Upon landing in Arlanda Airport, I couldn't but help feeling like I was in IKEA. Everything had a wooden finish and seemed so very practical.
I arrived at my hotel around 10.30pm and was greeted warmly by the manager. Before hitting the pillow, I asked for a map and hoped to walk to shul/synagogue in the morning - a 30-40min walk. I was debating praying in my room, since to guarantee I got to the shul on time I would have to wake up around 5.15am UK time.
Thank G-d I managed to get up and make the beautiful trek to shul. It was a lovely service and there was even a Bar Mitzva taking place.
Altogether I was one of 18. There were a few Swedish and Israeli men, a Ukrainian and me. I had that familiar feeling that I always get when sharing prayers with other Jews. Being in that Minyan, I felt at home.
So why was I there?
Earlier this year at an Arachim European conference, we showcased Ji Tap and how teachers can input any language to teach Jewish studies and the Hebrew language.
Not long after, the Hillel School from Stockholm reached out to us and wanted us to pay them a visit and train their staff.
This was very exciting for us.
As our mission is to create high quality, universally accessible products for Jewish education, going to Sweden meant that we would be reaching Jewish children, whose native tongue -Swedish, hitherto may have been an impediment to quality Jewish Resources, could now be engaged at a high level.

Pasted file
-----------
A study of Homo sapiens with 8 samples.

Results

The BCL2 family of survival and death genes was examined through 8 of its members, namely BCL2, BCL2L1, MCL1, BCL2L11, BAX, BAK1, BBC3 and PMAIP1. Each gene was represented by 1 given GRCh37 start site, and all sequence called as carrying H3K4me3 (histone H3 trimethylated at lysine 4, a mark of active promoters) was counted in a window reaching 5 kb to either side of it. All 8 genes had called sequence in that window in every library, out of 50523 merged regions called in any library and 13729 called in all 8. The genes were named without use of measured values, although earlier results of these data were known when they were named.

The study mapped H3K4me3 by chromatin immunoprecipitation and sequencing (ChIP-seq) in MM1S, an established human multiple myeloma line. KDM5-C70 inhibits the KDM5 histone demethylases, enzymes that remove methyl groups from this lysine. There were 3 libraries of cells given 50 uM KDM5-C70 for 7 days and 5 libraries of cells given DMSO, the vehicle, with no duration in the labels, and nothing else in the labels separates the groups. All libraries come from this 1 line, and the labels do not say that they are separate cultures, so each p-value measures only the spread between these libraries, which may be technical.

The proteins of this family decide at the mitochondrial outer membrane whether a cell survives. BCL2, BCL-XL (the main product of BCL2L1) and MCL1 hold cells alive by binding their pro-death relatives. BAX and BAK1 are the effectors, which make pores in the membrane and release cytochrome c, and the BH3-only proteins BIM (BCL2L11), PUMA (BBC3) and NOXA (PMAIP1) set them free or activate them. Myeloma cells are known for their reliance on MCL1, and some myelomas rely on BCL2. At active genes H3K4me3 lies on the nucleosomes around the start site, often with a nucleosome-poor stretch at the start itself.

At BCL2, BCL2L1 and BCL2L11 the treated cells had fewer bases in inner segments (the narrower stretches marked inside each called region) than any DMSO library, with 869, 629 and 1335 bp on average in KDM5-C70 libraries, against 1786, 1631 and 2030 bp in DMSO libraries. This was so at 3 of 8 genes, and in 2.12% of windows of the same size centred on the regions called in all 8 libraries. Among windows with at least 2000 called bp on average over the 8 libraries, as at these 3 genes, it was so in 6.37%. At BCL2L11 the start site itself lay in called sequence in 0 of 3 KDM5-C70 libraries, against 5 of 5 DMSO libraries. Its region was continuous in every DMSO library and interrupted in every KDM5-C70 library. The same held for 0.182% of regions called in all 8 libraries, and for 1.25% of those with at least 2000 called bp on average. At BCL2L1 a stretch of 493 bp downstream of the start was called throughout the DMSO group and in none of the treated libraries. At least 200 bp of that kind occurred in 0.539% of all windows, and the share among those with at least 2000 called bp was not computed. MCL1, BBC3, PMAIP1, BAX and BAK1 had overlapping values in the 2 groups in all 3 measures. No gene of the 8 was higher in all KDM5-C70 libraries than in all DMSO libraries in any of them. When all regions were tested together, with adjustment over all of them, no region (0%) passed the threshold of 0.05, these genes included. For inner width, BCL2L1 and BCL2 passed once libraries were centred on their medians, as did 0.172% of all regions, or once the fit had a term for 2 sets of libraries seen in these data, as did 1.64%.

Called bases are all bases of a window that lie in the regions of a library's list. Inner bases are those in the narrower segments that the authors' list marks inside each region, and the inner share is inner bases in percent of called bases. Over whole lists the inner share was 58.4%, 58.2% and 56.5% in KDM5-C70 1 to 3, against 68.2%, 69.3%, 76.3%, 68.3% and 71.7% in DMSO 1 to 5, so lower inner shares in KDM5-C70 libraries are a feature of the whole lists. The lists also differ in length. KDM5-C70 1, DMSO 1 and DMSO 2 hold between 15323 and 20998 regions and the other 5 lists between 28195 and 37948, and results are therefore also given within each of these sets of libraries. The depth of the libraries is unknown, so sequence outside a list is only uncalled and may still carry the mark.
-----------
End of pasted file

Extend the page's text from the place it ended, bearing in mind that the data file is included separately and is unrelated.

The teachers were great and clearly passionate about keeping Judaism relevant for their students.
One teacher commented:
“We just had a mind-blowing session …. to show us what possibilities we have to teach Jewish studies in Swedish using the JITap. I'm very excited and now I want to try it with my pupils and find out how much they can teach me! Samuel.”
Ji Tap is an application that connects students and teachers around the world, by giving them the ability to create and share Jewish educational games. So that means that Samuel and his colleagues can utilise games created by teachers in Israel and the UK. It also means that the teachers and students of Guttenberg can benefit from the games created by the Hillel skool in Stockholm.
Ji Tap and that little shul in Stockholm had one thing in common, they brought Jews together with a common goal.